The Selling Factory
Written by Adam Grossman
An ordained rabbi, who has founded multiple ventures focused on workforce development, he is a cofounder and the Chief Development Officer at The Selling Factory.
Photo on Unsplash by Lukas Blazek
Every year as February rolls around, college students prepare for their career journey. They go to career fairs and network at events with the goal to secure opportunities for career development. As students gather information about potential positions, many wonder, “am I qualified for this role?” A student’s answer usually focuses on their technical skills or major. However, what grabs the attention of potential employers is not their major or technical skills. Rather, how has your overall experiences prepared you to meet their needs and benefit their team? What are these necessary differentiators? How can working in sales advance them, and how can they showcase them to employers?
The National Association of Colleges and Employers (NACE) developed a list of eight career readiness competencies. These are critical skills necessary for employers. These competencies include: 1) Career & Self-Development, 2) Communication, 3) Critical Thinking, 4) Equity & Inclusion, 5) Leadership, 6) Professionalism, 7) Teamwork, and 8) Technology.
Each of the areas listed play a critical role in career preparedness. They equip individuals with the tools necessary to adapt and thrive in new situations. They are the catalyst to crafting and sharing ideas effectively to a team. Also, they offer the framework for building good relationships and maintaining them.
Many opportunities for career development exist during college to enhance these skills. There are on campus leadership opportunities, student organizations to join, volunteer opportunities, study abroad, and summer internships. While these offer valuable opportunities for career development, studies show a major gap between student competency and employer expectations.
According to a recent study of employers by NACE, the two most important career readiness competencies are critical thinking and communication. While 98.5% of employers feel that both are extremely important for candidates to have, employers feel that only 55.8% are proficient critical thinkers and 54.3% of employers feel graduates are competent communicators.
These career readiness competencies are essential for everyone to possess. However, it can be easy to feel as though they are an unattainable standard. But, there is a way to fully develop these skills.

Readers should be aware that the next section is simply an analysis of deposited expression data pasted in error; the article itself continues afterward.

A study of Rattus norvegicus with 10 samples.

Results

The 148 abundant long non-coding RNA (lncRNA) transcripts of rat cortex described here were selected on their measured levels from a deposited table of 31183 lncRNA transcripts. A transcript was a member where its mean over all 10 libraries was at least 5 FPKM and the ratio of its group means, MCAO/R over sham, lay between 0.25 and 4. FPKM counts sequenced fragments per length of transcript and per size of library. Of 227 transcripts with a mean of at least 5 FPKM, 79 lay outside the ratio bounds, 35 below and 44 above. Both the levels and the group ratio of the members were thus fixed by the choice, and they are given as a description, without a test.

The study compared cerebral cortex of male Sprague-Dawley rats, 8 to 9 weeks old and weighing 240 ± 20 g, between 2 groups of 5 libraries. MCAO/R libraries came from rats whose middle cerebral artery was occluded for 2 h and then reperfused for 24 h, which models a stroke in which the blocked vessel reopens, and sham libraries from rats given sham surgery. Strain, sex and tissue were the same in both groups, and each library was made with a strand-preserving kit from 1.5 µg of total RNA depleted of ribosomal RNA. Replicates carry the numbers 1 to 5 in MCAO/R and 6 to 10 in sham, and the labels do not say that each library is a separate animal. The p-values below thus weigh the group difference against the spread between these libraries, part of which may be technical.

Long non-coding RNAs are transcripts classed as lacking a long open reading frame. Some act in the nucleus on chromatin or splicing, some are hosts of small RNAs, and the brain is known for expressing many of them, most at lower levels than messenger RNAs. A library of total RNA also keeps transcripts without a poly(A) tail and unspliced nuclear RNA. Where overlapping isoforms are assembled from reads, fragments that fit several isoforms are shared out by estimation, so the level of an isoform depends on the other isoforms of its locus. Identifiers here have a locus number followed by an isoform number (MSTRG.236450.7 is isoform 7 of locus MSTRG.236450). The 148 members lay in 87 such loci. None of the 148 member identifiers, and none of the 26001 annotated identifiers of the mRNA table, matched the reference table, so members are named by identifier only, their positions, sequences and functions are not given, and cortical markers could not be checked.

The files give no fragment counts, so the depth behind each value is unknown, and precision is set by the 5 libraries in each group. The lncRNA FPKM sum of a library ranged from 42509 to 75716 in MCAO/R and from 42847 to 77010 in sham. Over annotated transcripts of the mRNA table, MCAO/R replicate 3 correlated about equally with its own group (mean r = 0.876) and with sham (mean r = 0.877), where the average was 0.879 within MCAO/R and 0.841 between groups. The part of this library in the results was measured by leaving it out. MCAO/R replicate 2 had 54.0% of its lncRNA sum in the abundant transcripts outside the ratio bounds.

Sales is the single most important function in any business. All other jobs are dependent on the success of the sales team. Without sales of a particular product or service, a company cannot operate and all other positions are null-and-void. Although improvement of communication skills and critical thinking is significant, many fear working in sales to the detriment of their career success.
Despite one’s major or current career goals, sales experience drastically improves a student in relation to NACE’s core readiness competencies.
Sales experience boosts an individual’s confidence to meet and adapt to any situation. It promotes active listening to understand a person’s pain point, which is essential in building empathic relationships.
The sheer volume of people that an individual interacts with (including the many different personality types) in sales strengthens communication skills. They learn the power of simple and impactful language. As well as, the importance of eliminating wasted words such as like, -ly words, and “ums,”. This change harnesses the ability to hold multi-generational conversations.
With sales, especially with practice and coaching, individuals gain critical thinking skills. While listening to another’s needs, they quickly and thoughtfully analyze how to best position themselves and the company’s services.
Beyond professional development, the sales experience gained benefits a future employer – and they know it.
With one’s major or technical skills, and the nice addition of internships, employers value sales experience. Whether this position is in hospitality, outsourcing, fundraising, or customer service, the sales experience prepares students to succeed in the workforce.
Simply sharing these roles on your resume though is not enough. It is vital to express how these experiences relate to the job you are pursuing and serve a future employer. With the tools learned in a sales role, one can more fully distinguish themselves from their peers in the job market. To do this effectively, it is important to
Position it well on your resume by showing your success through data.
Adapt the sales skills in interviews by asking questions and listening to the interviewer.
Talk about the impact of your sales experience, such as the improvement of communication skills and writing more effectively. Include examples of how sales has advanced your critical thinking.
Beyond degrees, internships, and leadership positions, students in the job market have drive, curiosity for learning, and fierce competitive spirit. However, this is not enough to differentiate oneself in the job market.
To distinguish yourself, improvement of communication skills is essential. Significantly improving career readiness competencies, the sales experience offers a launchpad to boost confidence, strengthen communication, enhance critical thinking, and build empathy. These skills not only position oneself better, but also offer employers greater assurances of an employee’s capabilities to meet desired outcomes.
Are you looking to hire recent graduates out of college? Want to know more about Gen Z students’ concerns and desires as they enter the workforce? Read our full 2022 job expectations report.